When Should We Retire?

PrintPrintEmailEmail

IN 1978 A FEDERAL statute made it illegal for most employers to impose mandatory retirement on workers under seventy. The new law was widely touted as yet another triumph of twentieth-century enlightenment. For, after all, was not compulsory retirement a relic of an era when the abilities of the elderly were not fully appreciated?

It would be comforting, perhaps, to believe that we have indeed progressed. But viewed through the lens of history, our present retirement policy appears to be a step backward, a regression—in time, at least—to a nineteenth-century world based solidly on the work ethic. More important, a glance into the past makes clear that significant changes in policy have always been made to serve broad economic and social needs rather than those of elderly people.

“Retirement,” of course, means something very different now from what it did in the nineteenth century. In fact, retirement as we have understood the term since 1950—either as something forced upon us or as a great block of leisure time granted as the reward for years of labor—did not exist to any appreciable extent in 1900 or even in 1935.

Today, despite recent inroads on the institution, for most of us retirement calls up a montage of images of how we expect to spend a span of years. Retirement is late breakfasts, a thoroughly read newspaper, watching the Cubs at Wrigley Field on a Tuesday afternoon, framing pictures down in the basement or doing needlepoint in the living room, Meals On Wheels, getting by on Social Security, moving to St. Petersburg.

For turn-of-the-century Americans, retirement was something altogether different. The common lot of the elderly was work, not leisure. Aside from judges and railroad men, very few employees were subject to mandatory retirement. Even ordinary pension plans were rare, with coverage being limited to Civil War veterans, public employees in major cities, and a handful of workers in private industry.

In the absence of pension plans and Social Security, workers who were neither required to retire nor could afford to do so stayed on to staff the nation’s shops, factories, offices, government bureaus, and professions. In 1903, for example, 114 employees of the Treasury of the United States, representing nearly 2 percent of its staff, were between the ages of seventy and seventy-nine, while another 12 were more than eighty years old. In 1913 the Protestant Episcopal Church maintained 406 clergymen who were seventy or older, and 41 who were eighty or older. In that year, more than one-eighth of the church’s total salary payments went to clergymen above sixty-five. A decade later the Chicago school system employed two eighty-three-year-old principals and six principals and teachers over seventy-five.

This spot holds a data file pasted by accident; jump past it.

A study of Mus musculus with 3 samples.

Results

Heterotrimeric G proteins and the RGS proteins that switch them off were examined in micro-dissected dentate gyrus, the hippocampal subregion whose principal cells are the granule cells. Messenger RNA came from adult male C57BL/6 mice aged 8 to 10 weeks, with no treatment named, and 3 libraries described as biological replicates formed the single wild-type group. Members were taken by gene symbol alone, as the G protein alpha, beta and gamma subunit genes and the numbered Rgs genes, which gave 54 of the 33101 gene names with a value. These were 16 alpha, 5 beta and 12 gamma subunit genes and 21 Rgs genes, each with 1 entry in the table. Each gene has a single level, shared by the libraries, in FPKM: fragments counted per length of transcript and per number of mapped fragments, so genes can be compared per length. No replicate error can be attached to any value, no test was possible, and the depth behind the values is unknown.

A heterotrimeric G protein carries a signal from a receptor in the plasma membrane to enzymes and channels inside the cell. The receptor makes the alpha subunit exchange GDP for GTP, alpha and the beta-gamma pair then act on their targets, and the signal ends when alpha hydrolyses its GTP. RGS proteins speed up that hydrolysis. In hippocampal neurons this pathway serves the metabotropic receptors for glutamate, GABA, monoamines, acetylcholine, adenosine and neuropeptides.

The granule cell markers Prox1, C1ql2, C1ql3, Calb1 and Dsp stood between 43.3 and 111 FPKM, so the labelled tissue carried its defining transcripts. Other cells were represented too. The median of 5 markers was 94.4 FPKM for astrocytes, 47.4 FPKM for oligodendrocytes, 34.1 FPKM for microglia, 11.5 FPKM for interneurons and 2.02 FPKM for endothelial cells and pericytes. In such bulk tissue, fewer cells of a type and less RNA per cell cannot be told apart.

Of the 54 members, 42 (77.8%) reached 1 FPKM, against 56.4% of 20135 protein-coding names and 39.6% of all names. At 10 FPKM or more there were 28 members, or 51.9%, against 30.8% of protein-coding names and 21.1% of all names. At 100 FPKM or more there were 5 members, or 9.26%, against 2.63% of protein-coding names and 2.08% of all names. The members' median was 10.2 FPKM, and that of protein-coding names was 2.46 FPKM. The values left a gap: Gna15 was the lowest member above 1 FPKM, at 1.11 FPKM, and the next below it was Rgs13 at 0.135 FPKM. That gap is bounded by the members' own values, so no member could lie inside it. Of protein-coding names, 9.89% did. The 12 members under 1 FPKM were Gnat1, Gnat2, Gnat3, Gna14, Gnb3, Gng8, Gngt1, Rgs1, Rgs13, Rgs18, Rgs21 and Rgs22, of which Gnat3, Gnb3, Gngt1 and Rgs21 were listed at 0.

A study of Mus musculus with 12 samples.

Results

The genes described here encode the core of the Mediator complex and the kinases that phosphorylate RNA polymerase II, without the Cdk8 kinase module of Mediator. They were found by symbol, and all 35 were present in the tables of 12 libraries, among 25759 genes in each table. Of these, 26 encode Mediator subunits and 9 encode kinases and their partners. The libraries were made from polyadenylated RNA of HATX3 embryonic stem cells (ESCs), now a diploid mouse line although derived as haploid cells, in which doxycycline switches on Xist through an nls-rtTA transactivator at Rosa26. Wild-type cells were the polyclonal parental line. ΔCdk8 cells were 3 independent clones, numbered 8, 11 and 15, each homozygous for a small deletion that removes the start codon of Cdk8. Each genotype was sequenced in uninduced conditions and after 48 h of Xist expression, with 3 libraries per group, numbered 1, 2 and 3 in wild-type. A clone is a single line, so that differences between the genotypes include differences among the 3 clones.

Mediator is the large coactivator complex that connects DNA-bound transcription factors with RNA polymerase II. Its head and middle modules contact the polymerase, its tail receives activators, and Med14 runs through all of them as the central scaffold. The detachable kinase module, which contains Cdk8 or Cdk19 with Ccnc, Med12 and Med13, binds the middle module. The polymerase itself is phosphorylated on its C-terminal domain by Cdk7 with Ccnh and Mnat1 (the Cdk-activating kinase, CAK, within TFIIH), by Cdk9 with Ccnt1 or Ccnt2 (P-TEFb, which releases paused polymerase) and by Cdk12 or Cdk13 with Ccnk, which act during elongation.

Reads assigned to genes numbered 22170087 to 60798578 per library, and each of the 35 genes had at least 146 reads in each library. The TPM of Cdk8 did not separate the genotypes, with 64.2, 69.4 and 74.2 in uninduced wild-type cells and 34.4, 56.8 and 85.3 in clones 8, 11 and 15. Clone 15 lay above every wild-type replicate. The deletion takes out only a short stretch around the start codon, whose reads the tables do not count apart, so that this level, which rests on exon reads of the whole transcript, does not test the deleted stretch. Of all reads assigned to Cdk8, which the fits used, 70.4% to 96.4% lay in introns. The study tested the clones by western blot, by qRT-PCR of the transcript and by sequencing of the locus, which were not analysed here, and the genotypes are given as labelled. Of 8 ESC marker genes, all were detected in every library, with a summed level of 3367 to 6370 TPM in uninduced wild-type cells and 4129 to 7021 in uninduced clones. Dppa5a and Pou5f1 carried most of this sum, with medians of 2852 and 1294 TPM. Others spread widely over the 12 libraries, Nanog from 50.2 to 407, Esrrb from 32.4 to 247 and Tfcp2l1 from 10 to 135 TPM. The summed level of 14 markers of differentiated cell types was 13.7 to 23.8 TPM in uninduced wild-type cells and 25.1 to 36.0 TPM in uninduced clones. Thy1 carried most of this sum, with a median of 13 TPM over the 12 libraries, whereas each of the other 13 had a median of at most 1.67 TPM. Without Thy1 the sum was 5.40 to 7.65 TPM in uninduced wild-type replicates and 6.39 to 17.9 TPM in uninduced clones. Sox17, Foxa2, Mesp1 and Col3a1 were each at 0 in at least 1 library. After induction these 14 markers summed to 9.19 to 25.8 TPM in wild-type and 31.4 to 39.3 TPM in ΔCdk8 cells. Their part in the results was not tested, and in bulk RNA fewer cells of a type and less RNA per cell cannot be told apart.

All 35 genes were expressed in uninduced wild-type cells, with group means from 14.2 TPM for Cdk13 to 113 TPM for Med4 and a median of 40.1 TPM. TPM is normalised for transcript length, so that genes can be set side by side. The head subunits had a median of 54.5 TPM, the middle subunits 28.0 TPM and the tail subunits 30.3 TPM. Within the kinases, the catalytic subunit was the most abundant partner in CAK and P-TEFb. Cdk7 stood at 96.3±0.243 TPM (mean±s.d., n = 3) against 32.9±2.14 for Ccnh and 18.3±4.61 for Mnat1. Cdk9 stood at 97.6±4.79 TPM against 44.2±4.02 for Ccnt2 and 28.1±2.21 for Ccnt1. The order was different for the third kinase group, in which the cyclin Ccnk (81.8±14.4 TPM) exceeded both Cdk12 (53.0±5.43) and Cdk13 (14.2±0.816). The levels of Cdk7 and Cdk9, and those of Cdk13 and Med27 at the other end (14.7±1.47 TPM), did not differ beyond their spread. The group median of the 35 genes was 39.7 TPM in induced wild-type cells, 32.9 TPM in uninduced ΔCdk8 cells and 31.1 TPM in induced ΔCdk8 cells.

Most of these older people labored as hard, and presumably as productively, as their younger colleagues. Others, usually with the approval of their employers, combined work with “on-the-job” retirement. Federal employees who were also Civil War veterans were, according to one source, “permitted to hold their present positions without disturbance, irrespective of the work done by them.” Some “government paupers”—a term commonly used to describe aged employees—came to work on crutches or in wheelchairs. A 1904 report on Chicago’s police department found “incapacitated men tucked away in every corner, guarding schools when there is no necessity … doing messenger duty when there is no necessity. …” In 1911 the New York Factory Investigating Commission discovered that the critical occupation of factory inspector was being used as an informal retirement mechanism. “There are a great many inspectors,” one witness testified, “who have reached that age, where it is very hard for them to do practical inspection work; that is, to climb the stairs, to go out on fire escapes, and to go down into dark basements.…” Many corporations and government agencies transferred older workers to less demanding tasks and even tolerated special arrangements. In Philadelphia, for example, an elderly teacher twice a day left her class in charge of a student monitor while she took a nap.

While, to us, this on-the-job retirement may seem flawed by a tolerance for inefficiency or even corruption, the system was in some ways workable and humane; it allowed thousands of older people to receive a dependable, if somewhat reduced, source of income through an arrangement made on the basis of personal ties between employee and supervisor. And these ties often, if by no means invariably, ensured that workers would be treated as individuals, with special needs and abilities.